CEOs Demand Transparency on Fossil Fuel Subsidies
When protesters occupied a British power station for a week, they argued that the country can't afford to build more natural gas power stations.
Critics argued back, of course, suggesting that renewables are too heavily subsidized and unable to stand on their own. From feed-in tariffs being a handout to the relatively well off to the media falsely clamoring to blame renewable subsidies for energy price hikes, these are a common refrain. Yet commentators often fail to dive into the massive and often deeply obscured world of fossil fuel subsidies that help support the status quo.
Now Triodos Bank—the same outfit that made waves with a Times Square billboard demanding more happiness, less greed—is coordinating a push by CEOs for full disclosure of all subsidies in the UK energy market. The CEOs, who hail primarily from clean energy firms, investment funds and non-profits, argue that we can only have a sensible and transparent discussion of clean energy subsidies if we also see what fossil fuel industries get too:
"Since many of the pricing support mechanisms to renewable energy are transparent and visible, critics describe them as subsidies. This is true. But it’s also true of all energy sources like fossil fuels and nuclear energy. A major Dutch study* conducted in 2011 found 53 types of interventions present in the Dutch energy market, the majority favouring fossil fuel. [...] To make clear decisions, we need a clear picture. We need to raise the level of debate with the benefit of reliable, independent information about subsidies in the energy sector. In short, we need a report, verified by the National Audit Office, describing the subsidies in the energy sector."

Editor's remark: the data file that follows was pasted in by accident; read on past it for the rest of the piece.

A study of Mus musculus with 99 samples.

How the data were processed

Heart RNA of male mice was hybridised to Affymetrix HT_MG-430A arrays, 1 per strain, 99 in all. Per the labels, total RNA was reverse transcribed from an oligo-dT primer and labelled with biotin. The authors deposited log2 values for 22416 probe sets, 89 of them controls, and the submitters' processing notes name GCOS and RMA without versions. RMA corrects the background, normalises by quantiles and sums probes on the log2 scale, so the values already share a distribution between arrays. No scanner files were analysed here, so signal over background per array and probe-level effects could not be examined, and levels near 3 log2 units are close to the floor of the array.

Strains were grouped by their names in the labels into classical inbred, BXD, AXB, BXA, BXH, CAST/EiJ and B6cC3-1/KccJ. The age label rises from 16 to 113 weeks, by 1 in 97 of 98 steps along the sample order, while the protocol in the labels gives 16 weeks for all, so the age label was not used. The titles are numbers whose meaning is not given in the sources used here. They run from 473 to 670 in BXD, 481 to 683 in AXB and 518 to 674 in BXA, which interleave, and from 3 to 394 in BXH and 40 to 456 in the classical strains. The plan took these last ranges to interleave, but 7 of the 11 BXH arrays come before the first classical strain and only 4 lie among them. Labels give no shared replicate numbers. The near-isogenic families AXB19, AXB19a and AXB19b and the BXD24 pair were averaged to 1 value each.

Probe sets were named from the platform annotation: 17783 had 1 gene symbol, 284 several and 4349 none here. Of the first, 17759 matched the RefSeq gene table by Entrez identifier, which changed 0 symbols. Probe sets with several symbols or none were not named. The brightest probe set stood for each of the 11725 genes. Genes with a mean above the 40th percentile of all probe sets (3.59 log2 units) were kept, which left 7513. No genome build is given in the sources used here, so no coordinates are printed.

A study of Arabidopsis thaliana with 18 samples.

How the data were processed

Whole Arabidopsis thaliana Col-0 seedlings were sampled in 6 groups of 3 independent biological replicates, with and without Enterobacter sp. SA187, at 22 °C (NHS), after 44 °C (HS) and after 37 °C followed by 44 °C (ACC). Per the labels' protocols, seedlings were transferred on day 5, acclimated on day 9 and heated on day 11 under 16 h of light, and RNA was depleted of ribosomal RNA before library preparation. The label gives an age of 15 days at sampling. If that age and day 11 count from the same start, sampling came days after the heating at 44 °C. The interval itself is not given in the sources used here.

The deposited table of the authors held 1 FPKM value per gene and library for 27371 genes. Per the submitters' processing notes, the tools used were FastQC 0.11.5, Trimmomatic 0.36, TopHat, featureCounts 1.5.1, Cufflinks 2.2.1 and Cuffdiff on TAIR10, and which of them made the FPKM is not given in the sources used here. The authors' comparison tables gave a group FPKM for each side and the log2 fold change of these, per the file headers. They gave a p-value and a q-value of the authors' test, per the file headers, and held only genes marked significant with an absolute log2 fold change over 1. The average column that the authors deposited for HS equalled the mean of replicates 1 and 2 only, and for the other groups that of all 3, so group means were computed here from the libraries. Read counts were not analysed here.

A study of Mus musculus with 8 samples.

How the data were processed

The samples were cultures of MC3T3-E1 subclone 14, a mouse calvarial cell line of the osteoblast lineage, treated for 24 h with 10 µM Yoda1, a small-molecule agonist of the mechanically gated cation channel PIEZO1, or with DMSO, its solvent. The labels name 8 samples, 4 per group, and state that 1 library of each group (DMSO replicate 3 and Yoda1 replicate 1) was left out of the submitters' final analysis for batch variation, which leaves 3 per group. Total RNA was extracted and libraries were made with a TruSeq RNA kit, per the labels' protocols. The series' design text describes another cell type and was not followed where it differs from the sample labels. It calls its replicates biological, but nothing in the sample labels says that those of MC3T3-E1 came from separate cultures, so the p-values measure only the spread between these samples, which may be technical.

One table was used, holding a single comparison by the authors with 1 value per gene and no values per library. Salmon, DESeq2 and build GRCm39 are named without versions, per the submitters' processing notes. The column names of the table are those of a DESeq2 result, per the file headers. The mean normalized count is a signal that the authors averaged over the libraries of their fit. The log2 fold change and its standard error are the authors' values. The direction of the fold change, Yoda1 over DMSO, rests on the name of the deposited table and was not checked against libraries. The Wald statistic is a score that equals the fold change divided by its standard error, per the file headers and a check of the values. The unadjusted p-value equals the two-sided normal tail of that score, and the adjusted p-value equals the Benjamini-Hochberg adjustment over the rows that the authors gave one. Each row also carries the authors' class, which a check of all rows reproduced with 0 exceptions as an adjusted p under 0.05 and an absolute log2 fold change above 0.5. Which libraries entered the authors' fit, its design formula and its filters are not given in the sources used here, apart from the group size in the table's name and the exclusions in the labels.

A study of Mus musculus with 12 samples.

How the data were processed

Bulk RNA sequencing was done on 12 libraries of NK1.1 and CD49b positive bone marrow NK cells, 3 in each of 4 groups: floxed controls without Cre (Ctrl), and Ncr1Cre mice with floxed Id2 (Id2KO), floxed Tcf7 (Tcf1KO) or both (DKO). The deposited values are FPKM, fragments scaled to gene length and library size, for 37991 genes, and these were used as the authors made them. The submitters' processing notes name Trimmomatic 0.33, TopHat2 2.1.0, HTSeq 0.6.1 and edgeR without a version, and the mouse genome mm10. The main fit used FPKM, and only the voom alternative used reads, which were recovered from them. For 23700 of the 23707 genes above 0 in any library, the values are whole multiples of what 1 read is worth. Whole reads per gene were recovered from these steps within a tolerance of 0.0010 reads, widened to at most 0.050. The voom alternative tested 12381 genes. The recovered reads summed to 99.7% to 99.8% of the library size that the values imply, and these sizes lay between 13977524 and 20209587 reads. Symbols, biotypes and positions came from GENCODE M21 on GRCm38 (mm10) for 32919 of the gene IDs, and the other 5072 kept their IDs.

Whether the group gets its report or not, this is an encouraging sign of an increasingly confident green sector that is beginning to flex its political muscle. The US clean tech community was relatively silent on Keystone XL, but nobody can afford to stay on the sidelines any longer.
As I continue to mull over James Murray's excellent case for a new environmentalism, I am struck by his assertion that we must build a narrative that encompasses a broader movement. But that doesn't mean we can't pick fights—in fact we must. We just have to do so strategically, methodically and with a clear path to victory.